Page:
Three-dimensional Resistive MHD Investigation of Spheromak Sustainment


Carl R. Sovinec, John M. Finn,

and Diego del Castillo-Negrete,

Los Alamos National Laboratory

presented at the

American Physical Society Centennial Meeting/

1999 International Sherwood Fusion Theory Conference

March 23, 1999






NIMROD code development team and advisors:

Ahmet Aydemir IFS

Curtis Bolton OFES

James Callen U-WI

Ming Chu GA

John Finn LANL

Tom Gianakon LANL

Alan Glasser LANL

Scott Kruger SAIC

Jean-Noel Leboeuf UCLA

Richard Nebel LANL

Steve Plimpton SNL

Nina Popova MSU

Dalton Schnack SAIC

Carl Sovinec LANL

Alfonso Tarditi SAIC


Computations have been performed at

National Energy Research Scientific Computing Center, LBNL

Advanced Computing Laboratory, LANL











The geometry for simulating a "flux core" or "electrode" spheromak is a simple can with magnetic flux frozen into the top and bottom ends, which represent electrodes.


The physical behavior of the system is modeled with the resistive MHD equations, where uniform density and vanishing pressure are assumed:





The equations are solved with the NIMROD simulation code.


Simulation parameters:

  1. Cylinder radius is 1 m.
  2. Computations have been performed with cylinder height=0.75-1.5 m.
  3. Most cases have S=2000 on-axis; some have S=10,000.
  4. Most cases have =1 m/s2.
  5. Computations use either a "stabilized" pinch equilibrium or a simulated applied axial electric field.












Auxiliary slide: plots of the n=1 linear eigenfunction.




Saturation of the instability results from feedback to the n=0 field and from coupling to larger n.







The following shows the nonlinear result of flux amplification vs. the on-axis parallel current (l) of the equilibrium pinch for S=2000, h=1 m cases.




Auxiliary slide




The final saturated state is NOT a Taylor state.






For the f=0 plot, the minimum value (green) is -8.8 and the maximum (red) is 13.7. For the f=p plot, the minimum value is -12.4 and the maximum is 16.5.




Auxiliary slide



The maximum current density in the plot of the pinch is 31% larger than the largest vector in the f=0 plot, but the nonlinear state sustains 23% more current.





The robust generation of poloidal flux is usually accompanied by chaotic scattering of the magnetic field.







Auxiliary slide

Here we take the steady-state results from a case with lpinch(0)=10, multiply the nonsymmetric part of the magnetic field by factors < 1, and redraw the surfaces of section.





In weakly-driven cases, just above marginal stability, flux surfaces form and are sustained in steady state.





A field line trace over a flux surface shows that most of the transform occurs on the inner part of the surface.


Color indicates axial position, z, on the surface.




A helical prominence exists on the inner part of the flux surface. It coincides with helical pinch current at smaller r.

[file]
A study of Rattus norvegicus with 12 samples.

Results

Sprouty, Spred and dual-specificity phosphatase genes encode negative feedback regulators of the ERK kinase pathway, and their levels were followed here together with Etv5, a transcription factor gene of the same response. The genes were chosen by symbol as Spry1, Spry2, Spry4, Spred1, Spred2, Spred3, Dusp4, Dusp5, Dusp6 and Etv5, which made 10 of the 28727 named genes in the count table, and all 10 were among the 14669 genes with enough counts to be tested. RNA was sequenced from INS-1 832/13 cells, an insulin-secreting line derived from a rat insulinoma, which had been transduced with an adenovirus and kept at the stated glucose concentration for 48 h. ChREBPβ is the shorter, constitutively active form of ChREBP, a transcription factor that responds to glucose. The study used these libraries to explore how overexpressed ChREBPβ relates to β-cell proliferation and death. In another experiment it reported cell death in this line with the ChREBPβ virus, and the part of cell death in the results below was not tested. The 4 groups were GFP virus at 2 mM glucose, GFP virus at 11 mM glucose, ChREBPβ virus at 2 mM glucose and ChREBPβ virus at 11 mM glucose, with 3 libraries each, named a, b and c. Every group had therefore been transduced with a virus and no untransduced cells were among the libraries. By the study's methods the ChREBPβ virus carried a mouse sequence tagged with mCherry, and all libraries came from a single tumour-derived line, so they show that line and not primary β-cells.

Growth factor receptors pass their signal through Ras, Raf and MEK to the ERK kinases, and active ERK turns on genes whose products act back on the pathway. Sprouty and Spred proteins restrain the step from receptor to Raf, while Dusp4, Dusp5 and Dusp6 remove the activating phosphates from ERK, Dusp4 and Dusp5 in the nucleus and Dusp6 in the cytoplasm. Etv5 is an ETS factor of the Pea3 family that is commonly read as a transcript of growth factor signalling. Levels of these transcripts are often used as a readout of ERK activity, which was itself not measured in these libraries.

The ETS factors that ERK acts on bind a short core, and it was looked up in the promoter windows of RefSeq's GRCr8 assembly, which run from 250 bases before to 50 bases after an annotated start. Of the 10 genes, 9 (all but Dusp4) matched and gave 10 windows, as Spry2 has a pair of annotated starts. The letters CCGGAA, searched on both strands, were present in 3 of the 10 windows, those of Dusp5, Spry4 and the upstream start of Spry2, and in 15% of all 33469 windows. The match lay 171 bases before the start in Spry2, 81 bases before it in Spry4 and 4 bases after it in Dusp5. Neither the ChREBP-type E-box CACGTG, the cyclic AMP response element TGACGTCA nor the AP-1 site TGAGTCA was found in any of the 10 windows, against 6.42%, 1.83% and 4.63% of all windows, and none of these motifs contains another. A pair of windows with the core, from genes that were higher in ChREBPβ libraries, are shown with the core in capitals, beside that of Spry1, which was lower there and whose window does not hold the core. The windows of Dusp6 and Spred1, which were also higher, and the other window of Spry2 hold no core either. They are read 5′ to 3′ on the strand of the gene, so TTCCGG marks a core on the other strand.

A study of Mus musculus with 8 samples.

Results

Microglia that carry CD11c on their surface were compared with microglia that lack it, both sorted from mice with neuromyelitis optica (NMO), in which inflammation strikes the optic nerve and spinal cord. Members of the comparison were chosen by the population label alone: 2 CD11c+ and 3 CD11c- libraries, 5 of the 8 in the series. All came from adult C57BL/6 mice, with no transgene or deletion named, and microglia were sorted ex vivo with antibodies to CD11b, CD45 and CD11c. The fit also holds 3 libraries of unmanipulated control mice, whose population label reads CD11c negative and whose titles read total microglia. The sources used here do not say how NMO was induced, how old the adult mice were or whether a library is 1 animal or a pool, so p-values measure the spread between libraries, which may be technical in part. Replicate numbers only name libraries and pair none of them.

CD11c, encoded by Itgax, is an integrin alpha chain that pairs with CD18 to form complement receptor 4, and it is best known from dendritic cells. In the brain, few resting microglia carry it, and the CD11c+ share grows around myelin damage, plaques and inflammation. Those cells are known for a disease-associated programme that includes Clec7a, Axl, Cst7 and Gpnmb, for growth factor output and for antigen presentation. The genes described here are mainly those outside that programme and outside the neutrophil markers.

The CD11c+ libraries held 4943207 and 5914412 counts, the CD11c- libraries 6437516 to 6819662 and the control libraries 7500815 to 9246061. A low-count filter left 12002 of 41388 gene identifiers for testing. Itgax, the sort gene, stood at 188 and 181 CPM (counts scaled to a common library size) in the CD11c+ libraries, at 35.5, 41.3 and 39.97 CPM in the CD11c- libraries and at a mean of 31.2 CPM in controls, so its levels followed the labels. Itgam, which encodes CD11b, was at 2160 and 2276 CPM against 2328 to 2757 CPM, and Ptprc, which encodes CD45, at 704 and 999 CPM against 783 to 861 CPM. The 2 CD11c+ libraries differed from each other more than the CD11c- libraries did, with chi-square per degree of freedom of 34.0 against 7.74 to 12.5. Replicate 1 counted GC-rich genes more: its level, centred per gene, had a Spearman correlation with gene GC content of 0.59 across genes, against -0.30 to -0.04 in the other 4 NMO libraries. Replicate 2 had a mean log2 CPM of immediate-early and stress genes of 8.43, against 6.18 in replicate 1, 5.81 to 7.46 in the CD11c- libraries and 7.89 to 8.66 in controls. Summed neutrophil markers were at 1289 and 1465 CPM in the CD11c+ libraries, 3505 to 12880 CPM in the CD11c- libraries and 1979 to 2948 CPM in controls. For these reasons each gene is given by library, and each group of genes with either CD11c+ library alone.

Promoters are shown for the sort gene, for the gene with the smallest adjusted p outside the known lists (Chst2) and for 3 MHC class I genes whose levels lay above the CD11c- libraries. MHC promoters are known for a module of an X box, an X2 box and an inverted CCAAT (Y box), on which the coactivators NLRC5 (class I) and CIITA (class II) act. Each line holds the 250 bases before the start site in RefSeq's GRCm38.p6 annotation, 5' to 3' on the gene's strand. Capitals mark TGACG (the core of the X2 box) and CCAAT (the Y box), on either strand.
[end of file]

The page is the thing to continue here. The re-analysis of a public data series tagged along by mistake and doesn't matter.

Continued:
Color indicates toroidal position, f, on the surface.




Auxiliary slide


Contours of l at axial positions spaced from the bottom to the top of the can show the helically deformed pinch current.




Auxiliary slide



The safety factor of the flux surfaces in a similar case is ~10 near the magnetic axis of the structure. q computed with just the symmetric (n=0) part of the field is in error by more than a factor of 2.

Note that the independent variable is <r2>1/2, mean square distance from the magnetic axis.




In steady state, flux surface averages of the electrostatic field vanish. This is satisfied in the computations.




Due to the low current, we would not expect much Ohmic heating within these stellarator-like flux surfaces.




Auxiliary slide


We are attempting to optimize the volume of flux surfaces and reduce q. One idea is to use a nonsymmetric perturbation of the magnetic field.


without nonsymmetric perturbation



Note that the independent variable is <r2>1/2, mean square distance from the magnetic axis, not <r2>.




Auxiliary slide


with nonsymmetric perturbation



So far, we have been able to reduce q with the perturbation, but we have not yet increased the volume of flux surfaces.


Note that the independent variable is <r2>1/2, mean square distance from the magnetic axis, not <r2>.




Flux surfaces have also been observed during decay.


When the applied potential is decreased over 0.1 tr in a simulation with h=1.5 m and uniform flux through the electrodes, flux surfaces form as the poloidal field decays.



There is net toroidal electric field during the decay, which produces relatively uniform magnetic transform over the flux surfaces. It would also lead to Ohmic heating.







The transform on the flux surfaces formed by decay is much more uniform than in the weakly driven cases, and q~1.






Auxiliary slide



This plot shows the safety factor of a structure resulting from decay.


Note that the independent variable is <r2>1/2, mean square distance from the magnetic axis.






In cases with larger S (10,000) or large current, a limit cycle is observed in the temporal evolution as the configuration is sustained.


The evolution of the magnetic energies of the different Fourier components in an S=10,000 demonstrates this behavior.



Small islands form at the low perturbed-B point of the cycle.










  1. More analysis of:
    1. flux conversion process
    2. limit cycle behavior
    3. S dependence
  2. Optimize the stellarator transform effect (nonsymmetric perturbations).
  3. Investigate gun-driven configurations.
  4. Investigate realistic geometries (SAIC-LLNL).